SUBSCRIBE TO OUR BLOG
Finland saw the potential and, following the European Intelligent Transportation Systems (ITS) directive, is the first to implement a pilot scheme that seeks to enable vehicles to communicate safety hazards such as black ice or animals on the road.
The pilot will involve volunteers sharing information from their vehicles to others via a smartphone. However, the end goal is to lay the foundation for automated cloud communication on mobile networks with data generated by vehicles’ on-board sensors and the surrounding road infrastructure to other vehicles and smart devices on the road.
In that scenario HERE plays the role of conductor orchestrating and analysing the volume of sensor data in its location cloud and sending messages to the right place within seconds or eventually even milliseconds.
It’s an ambitious goal. Many of the services trying to solve this problem today are limited to back and forth messages – maybe one car to an app or a local agency. But with its ability to make sense of historical and real-time location information, HERE can bring together different parties like local transport agencies, cars, insurance companies and road infrastructure across geographies.
We spoke to George Filley and Mika Rytkönen, who are leading this pilot at HERE, to find out how it will work.
According to Mika, the area chosen for the pilot, which stretches westwards from Helsinki, makes the perfect testing ground.
“We are able to test these messages, one could say, in one of the most difficult weather environments in Europe. Making sense of these messages and developing analytics require deep expertise on traffic management. We are delighted that we can develop this pilot together with FTA experts.”
Mika continues, “Traffic safety messages contribute to the road safety. Drivers will have a better understanding of what is going on around them. In addition, drivers can also report if they see something strange while driving. And the best part is that we can provide this pilot by leveraging existing technologies and provide a solution to drivers relatively fast”.
The pilot, planned to kick off in the first half of 2016, will take place on the E18 highway, which is the main road between Helsinki and Turku, as well as the Ring I and Ring III highways in the Greater Helsinki area, with initially up to 1,000 drivers expected to take part.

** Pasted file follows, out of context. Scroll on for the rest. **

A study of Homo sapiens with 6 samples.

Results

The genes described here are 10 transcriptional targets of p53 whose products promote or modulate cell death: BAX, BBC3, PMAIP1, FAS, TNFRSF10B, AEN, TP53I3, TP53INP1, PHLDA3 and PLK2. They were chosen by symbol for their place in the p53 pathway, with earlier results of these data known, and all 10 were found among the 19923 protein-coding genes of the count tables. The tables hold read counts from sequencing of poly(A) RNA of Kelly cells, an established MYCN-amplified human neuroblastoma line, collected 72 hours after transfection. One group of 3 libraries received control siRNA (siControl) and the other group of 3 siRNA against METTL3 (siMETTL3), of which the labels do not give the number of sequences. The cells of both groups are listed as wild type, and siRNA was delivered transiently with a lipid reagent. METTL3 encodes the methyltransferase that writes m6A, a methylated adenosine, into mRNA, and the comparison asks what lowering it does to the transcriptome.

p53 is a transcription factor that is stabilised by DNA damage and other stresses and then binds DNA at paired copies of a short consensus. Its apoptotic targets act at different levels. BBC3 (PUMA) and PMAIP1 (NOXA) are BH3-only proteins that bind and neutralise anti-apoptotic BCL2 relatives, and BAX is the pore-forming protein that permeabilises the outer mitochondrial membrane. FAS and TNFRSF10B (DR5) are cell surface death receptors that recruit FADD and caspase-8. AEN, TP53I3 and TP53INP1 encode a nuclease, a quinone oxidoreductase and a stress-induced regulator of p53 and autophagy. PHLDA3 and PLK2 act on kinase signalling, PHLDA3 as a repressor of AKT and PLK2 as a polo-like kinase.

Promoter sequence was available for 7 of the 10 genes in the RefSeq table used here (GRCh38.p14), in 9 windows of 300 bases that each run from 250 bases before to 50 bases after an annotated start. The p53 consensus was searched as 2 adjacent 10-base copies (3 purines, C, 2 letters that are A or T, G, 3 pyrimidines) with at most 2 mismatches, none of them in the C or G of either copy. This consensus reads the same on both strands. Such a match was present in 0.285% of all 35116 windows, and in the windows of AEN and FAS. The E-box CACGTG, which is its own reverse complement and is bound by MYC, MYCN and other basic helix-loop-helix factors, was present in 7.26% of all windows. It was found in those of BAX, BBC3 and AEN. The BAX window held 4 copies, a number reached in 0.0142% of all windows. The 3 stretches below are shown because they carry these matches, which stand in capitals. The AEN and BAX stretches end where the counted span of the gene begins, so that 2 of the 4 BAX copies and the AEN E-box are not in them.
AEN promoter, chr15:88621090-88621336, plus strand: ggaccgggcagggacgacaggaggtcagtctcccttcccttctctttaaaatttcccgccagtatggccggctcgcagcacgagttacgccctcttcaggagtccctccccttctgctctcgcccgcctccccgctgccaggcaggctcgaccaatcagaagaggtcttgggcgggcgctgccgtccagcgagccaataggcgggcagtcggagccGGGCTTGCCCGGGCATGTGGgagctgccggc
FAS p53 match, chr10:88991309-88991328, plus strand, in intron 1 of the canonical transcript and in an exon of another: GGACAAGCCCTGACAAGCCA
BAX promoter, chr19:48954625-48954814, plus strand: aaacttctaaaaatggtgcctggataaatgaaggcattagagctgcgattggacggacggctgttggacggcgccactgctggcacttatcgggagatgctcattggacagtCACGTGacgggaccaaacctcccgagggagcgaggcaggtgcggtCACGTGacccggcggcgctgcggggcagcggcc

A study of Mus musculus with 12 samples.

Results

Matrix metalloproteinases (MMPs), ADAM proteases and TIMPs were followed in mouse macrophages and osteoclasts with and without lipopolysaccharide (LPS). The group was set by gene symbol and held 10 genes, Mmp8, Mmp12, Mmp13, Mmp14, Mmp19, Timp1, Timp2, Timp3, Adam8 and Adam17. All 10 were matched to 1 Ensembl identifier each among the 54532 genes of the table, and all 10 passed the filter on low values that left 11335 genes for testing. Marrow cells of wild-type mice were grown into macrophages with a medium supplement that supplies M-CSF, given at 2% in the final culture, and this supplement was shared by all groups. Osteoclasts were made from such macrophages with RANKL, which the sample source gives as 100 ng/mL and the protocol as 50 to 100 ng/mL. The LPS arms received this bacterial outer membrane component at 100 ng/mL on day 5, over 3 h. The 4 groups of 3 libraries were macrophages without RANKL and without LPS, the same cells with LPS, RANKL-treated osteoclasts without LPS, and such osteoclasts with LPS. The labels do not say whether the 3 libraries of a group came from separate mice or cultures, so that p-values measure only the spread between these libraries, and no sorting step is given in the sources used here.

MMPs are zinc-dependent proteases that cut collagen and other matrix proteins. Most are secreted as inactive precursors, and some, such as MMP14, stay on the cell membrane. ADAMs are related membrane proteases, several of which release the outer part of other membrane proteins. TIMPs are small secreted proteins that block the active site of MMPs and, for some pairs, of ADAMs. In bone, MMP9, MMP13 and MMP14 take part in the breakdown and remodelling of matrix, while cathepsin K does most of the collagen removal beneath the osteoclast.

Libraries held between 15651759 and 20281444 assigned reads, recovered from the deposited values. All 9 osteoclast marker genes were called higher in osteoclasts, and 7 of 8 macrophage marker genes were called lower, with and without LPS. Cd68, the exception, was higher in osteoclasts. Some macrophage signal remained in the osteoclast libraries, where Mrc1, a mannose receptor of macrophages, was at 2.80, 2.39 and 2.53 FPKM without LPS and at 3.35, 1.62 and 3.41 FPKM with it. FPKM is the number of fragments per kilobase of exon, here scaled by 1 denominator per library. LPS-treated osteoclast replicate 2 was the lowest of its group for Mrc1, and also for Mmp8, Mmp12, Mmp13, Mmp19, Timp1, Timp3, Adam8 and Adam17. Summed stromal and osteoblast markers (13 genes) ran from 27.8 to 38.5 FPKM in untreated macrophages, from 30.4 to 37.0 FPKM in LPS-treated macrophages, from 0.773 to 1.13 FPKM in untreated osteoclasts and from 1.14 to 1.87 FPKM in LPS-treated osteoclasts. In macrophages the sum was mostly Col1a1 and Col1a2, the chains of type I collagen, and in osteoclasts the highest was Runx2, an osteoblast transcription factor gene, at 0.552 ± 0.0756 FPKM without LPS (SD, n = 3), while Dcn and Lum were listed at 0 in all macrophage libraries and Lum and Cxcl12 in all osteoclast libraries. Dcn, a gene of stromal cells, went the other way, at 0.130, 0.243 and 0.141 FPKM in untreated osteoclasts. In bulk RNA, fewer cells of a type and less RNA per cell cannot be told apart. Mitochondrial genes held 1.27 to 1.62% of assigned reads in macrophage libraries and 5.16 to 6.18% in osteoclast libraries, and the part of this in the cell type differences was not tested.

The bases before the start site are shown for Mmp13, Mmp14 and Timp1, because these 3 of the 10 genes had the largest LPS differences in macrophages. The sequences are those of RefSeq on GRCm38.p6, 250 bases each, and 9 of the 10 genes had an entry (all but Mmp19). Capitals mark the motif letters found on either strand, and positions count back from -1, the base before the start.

The basic premise is fairly simple: allowing cars to communicate with each other about road hazards to prepare other drivers in that area. However, it is the technical practicalities to make this work that make it tricky, especially due to the need for a common architecture that can work between different parties and across countries.
George says, “Digital Transportation Infrastructure allows ingestion, smart analytics and targeted distribution of safety critical information to the right people at the right time.”
HERE will collect this information in an industry standard messaging format, which is sent from the vehicle or smart device about a particular problem, such as black ice.
George says, “Once we receive that information we know not only the type of problem it is, we know where that problem is. Using the analytics of our location cloud we can determine the impact area of that incident and create a geographic boundary, or polygon, which can then be used by drivers and navigation solutions to make logical changes to routes, avoiding the identified problem.
He continues, “We can send that information to a relevant party such as the local transportation management center, they can take that information and act on it, whether to address the problem or provide targeted information about an incident for vehicles to avoid.”
HERE is also working with standards bodies so the architecture can be used across wireless infrastructures as well as allow for interoperability across countries. So for instance, just like the universal nature of stop signs, the message symbols that pop up on the vehicle, regardless of manufacturer and in whatever country, need to be standardized for this system to work effectively.
It gives us an opportunity to create a common architecture for the Nordic countries
George says, “Our approach is infrastructure agnostic and allows for the simultaneous sending of information, about an impact area, to multiple carriers who can then resend directed message, with fast delivery, based on a representation of the impact area against the map.”
While Finland is just a start, the pilot can act as a springboard for a system that could work across the Nordic countries.
Mika says, “One reason we are so delighted FTA selected us to deliver this pilot is because now we can start turning to the Nordic collaboration. It gives us an opportunity to create a common architecture for the Nordic countries - Sweden, Norway, Denmark and Finland – so that if you are crossing the border you can receive the same service regardless of where you are.”
It’s an exciting beginning to what could be a whole new way of avoiding hazards on the roads of the near future. We will keep you updated as to the progress of the pilot, which begins next year.
Image credits: FinlandPilot-2 by from Shutterstock; other images by HERE.